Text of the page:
On Work, Play, and Goin’ Professional

“What would you like to do if money were no object?” is our most cliched career advice. In some ways, I get it. I do. I’m a shameless member of generation “follow your passion.”

But I have abandoned that particular question.

– – –

I was sitting in the back seat with a friend.

It must have been 2005, I guess. I was young. She had just shared the new Black Eyed Peas album with me, and we disagreed on the quality of the song “My Humps.”

(Yeah, we were really hip to the important issues.)

I digress.
I digress.

This friend and I had become close through the local little kid theatre scene.  We had both been through summer camps, community productions, that kind of thing.  She declared that she was going to be an actress when she grew up.  I asked her why. She recited, “Because when you have a job you love, you never have to work a day in your life.”

And I was horrified.

Obviously, I couldn’t speak for her–but in that moment, I knew that my enjoyment of little kid theatre would be destroyed if it were forced upon me.  Even as a child, the things I did purely for capital-F Fun were precious. And so, instead of being nice and supportive, I argued back (which I’m sure was super annoying): “Wouldn’t turning it into work make it not Fun anymore, though? What would you do for Fun if you made that a job?”

I wasn’t suggesting that Work had to be unenjoyable–at least, I don’t think I was.  There were a lot of things I liked doing in a “potential career” way.  I signed books out of my little-kid  bookshelf, organized by author’s last name (not because I was organized–I wasn’t. I just wanted to be a librarian). I regularly turned the basement into a carnival, a stage, a restaurant–anything where I could charge admission. I painted rocks and sold them. I rocked the lemonade stand. At halloween, I even turned my parents’ bedroom into a “mall” and charged my brothers for space and hand-drawn business cards.  

This, to me, was what “work” would look like someday. I created something, or did something. It helped or entertained someone, who then decided it was worth signing up for. If I was lucky, they might even decide it’s worth paying for.

I loved it. But the idea of those considerations tainting something I did purely for Fun was terrifying.

ForShaunaColour

– – –

The idea of being forced to do my little hobbies for hours and hours every day is not a comfortable one–it wasn’t comfortable in 2005, and it isn’t now. Work means being accountable to other people. It means meeting quotas, training, building, attaining results, providing something to someone. And it means doing all that OR ELSE.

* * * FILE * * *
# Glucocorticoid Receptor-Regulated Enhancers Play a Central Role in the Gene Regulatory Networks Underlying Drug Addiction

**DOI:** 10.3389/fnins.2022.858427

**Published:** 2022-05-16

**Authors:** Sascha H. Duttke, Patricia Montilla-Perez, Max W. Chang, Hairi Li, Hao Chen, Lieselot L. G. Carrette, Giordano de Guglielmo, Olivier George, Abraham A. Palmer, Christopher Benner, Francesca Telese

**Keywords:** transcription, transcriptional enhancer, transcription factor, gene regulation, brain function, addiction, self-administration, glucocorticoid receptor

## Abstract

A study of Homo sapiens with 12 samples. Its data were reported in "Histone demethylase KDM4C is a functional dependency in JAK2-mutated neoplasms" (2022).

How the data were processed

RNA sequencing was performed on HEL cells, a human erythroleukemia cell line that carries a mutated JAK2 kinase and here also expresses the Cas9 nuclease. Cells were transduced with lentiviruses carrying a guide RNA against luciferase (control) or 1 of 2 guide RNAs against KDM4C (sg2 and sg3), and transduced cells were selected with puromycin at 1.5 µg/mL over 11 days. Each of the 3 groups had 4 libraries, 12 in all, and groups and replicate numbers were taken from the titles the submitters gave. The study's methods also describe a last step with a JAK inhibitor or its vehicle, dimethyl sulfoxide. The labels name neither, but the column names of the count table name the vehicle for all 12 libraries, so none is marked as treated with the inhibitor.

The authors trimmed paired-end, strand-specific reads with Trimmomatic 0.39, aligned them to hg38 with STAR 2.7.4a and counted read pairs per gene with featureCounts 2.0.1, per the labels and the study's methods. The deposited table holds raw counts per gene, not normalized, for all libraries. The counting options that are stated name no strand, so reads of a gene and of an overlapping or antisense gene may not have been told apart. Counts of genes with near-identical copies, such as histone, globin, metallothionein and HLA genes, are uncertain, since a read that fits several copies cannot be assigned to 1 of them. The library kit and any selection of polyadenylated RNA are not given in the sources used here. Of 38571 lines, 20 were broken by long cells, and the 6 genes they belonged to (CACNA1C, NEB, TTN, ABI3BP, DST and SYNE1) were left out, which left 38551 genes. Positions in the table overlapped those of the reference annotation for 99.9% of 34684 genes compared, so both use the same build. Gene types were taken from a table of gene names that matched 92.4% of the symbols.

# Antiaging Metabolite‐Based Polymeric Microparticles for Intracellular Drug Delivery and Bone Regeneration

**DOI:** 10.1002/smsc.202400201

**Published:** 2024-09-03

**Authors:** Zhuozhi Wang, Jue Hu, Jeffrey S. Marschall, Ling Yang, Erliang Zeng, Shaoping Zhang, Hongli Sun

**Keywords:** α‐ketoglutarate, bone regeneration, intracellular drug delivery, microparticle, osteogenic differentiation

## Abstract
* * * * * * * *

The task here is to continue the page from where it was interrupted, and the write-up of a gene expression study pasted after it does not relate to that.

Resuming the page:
With some things, that would excite me–but with others, it would be draining.  I love doing puzzles in my spare time, but I would be miserable if you made me jigsaw through my 9 to 5. I like playing guitar, watching sports, scrapbooking, cooking new food–but I also like that those things are not obligitory. That they ultimately belong to me, just me.

“What would you like to do if money were no object?” is our most cliched career advice. And I get it, I do. I’m a shameless member of generation “follow your passion.”

But I have abandoned that particular question.  Instead, I ask this one:

What would you enjoy doing even if you were getting paid for it? Even if you had to. What would you love even if it became a Job?

Work-style accountability can take the enjoyment out of a light hobby or interest.  It’s why readers often resent the books English teachers assign.  Or why people edit Wikipedia…while procrastinating from writing a report. It’s what makes some students realize that  they really picked the wrong major, because being interested in something and wanting to do it full-time are two very different things.

Work-style accountability is not totally unmotivating in and of itself.  It’s just different. It changes the reason you do something, the way you do it. If you’re truly passionate about something in a Work way, it can be incredibly rewarding and awesome to go professional. I think everyone has something (maybe a whole lot of somethings) that they would enjoy even if they were getting paid.

Even if they had to show up.

Even if they had quotas to fill, and people to please.

Even if it became a Job.

Right now, we just have to figure out what that is.


  1. Good way to look at! I think I would still love to critique resorts and hotels if I had to work or teach grammar to a group of unruly high school kids. So what would you do? You never said.